The Indiana State Department of Health reported 21 additional confirmed deaths Wednesday, bringing the state’s total to 1,871. The state announced more than 32,000 total confirmed cases, with more than 235,000 Hoosiers tested.
Indiana will begin testing a new program next week that will allow some Hoosiers to use their Supplemental Nutrition Assistance Program, or SNAP benefits for grocery delivery.
The state announced the program last month and hoped to launch it in mid-May. It will be a permanent addition to SNAP benefits, often called food stamps, extending beyond the COVID-19 pandemic.
“We have letters of intent from Amazon and from Walmart,” Sullivan says.
More than 100,000 children in Indiana don’t have a computer or a computer with internet access at home, according to an analysis of federal data.
The analysis by WFYI News and SAVI, a public data program at The Polis Center at Indiana University-Purdue University Indianapolis, offers a look at who among Indiana’s 1.7 million children are impacted by lack of access.
The 2018 U.S. Census Bureau's American Community Survey asked families if anyone living in the home had a computer or other similar device and if they had access to the internet.
Matt Nowlin, a Polis Center research analyst, says the survey shows 10 percent of all Indiana children are without a computer or broadband access. The rate is higher for minority students: 21 percent of black children and 15 percent of Latinx children are without access.
More than 1 in 4 workers experienced unemployment last month in several Indiana counties. Data released Tuesday from the Department of Workforce Development shows which areas of the state were hit hardest.
Manufacturing-dependent counties saw the highest unemployment rates. Howard County, which includes Kokomo, had 34 percent unemployment. Elkhart, LaGrange and Noble counties were also heavily affected by layoffs and each had about 29 percent unemployment rates.
The new numbers shatter unemployment records set in each of those areas during the Great Recession.
Indianapolis city officials announced plans Wednesday to reopen more places in Marion County. Starting Friday May 29, Indianapolis will begin parts of Stage 3 of Indiana’s “Back On Track” plan.
Indianapolis Mayor Joe Hogsett says the vigilance of residents and businesses has made a difference.
"I’m also confident that our commitment to a data-driven health policy has saved lives,” says Hogsett.
Religious services may be held at 50 percent capacity. Restaurants, which were limited to outdoor seating, will be allowed to open indoor seating as well, at 50 percent capacity.
Personal service businesses including hair salons and tattoo parlors may open by appointment only. Retail stores and shopping malls may increase capacity to 75 percent.
Indianapolis is also providing free masks to people who are unable to buy or get access to masks as well as older adults and people with health concerns.
The masks will be adult size and fit most people, including children. Delivery of masks should be expected within 30 days of requests. The city will also work with community partners to provide pickup locations for distribution.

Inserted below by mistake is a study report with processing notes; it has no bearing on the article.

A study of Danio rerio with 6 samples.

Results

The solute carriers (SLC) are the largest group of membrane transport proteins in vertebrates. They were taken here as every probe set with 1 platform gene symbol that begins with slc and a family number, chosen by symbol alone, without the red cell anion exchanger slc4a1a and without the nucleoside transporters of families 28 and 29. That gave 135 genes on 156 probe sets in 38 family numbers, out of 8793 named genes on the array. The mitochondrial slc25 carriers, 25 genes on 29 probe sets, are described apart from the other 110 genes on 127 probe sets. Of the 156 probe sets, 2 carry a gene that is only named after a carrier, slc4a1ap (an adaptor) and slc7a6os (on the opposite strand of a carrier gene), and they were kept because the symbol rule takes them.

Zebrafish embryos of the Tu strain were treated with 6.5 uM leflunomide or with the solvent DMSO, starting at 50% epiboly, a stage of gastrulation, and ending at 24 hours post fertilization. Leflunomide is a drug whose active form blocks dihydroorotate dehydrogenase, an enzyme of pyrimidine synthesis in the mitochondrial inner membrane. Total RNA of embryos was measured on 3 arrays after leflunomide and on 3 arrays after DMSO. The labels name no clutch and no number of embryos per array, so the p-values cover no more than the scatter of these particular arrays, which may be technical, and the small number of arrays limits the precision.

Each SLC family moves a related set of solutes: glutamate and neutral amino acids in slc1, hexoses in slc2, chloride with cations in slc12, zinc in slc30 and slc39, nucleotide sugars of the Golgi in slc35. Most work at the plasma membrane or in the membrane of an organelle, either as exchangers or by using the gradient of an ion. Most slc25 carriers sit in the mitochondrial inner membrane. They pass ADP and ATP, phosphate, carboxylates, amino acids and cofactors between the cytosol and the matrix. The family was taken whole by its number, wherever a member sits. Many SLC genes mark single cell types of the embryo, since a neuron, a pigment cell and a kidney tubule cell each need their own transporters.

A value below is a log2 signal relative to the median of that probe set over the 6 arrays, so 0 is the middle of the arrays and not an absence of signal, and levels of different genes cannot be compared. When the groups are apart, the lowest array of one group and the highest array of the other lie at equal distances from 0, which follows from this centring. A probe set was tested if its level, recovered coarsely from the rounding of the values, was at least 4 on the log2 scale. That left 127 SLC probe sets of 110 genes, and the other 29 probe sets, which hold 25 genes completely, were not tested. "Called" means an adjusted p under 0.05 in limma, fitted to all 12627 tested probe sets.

Personnel at southern Indiana’s Naval Support Activity (NSA) Crane are producing hand sanitizer for Department of Defense employees.
A Crane official says they’ve spent about $20,000 on new equipment and reconfigured an existing facility to produce the sanitizer.
“One of the ways we identified we could continue to support warfighters in the short term was to set up a new line to produce hand sanitizer,” says Jason Gay, commodity manager for Navy ordnance at Crane Army.
Ball State University students will return to campus for classes in August. But the university says it will send students home for Thanksgiving and continue online-only instruction through the end of the fall semester
Classes will begin Aug. 24 on the Muncie campus. Ball State University Provost Susana Rivera-Mills says fall break will be canceled and classes will be held on Labor Day.
“All of this together would allow us to achieve our goal to provide 13 weeks of on-campus instruction before Thanksgiving break, and then continue with online education to the end of fall semester,” she says.
Rivera-Mills says Ball State is planning more online classes than usual for high-risk faculty and students who may not want to return to campus. Evening and weekend classes are possible to help with distancing in buildings. Officials are also planning for classes that may have to be partially quarantined if someone gets sick.
Indiana University announced its plans for the 2020-2021 school year, including a mix of online-only and in-person classes throughout both fall and spring semesters and eliminating fall and spring breaks.
A statement from the university said during the fall semester (Aug. 24-Dec.20), classes may meet either in person or online until Nov. 20. And beginning Nov. 30, classes will go virtual for the remainder of the fall semester.
IU spokesman Chuck Carney says the university hasn’t worked out specifics on what classes will be in-person and what classes will be virtual.
“We’ll be scheduling for what will work best for the schedules, will work best for classes being offered, and also the type of class that it is,” he says.
He says staff and students can expect more information on what classes will be in-person in the next several weeks.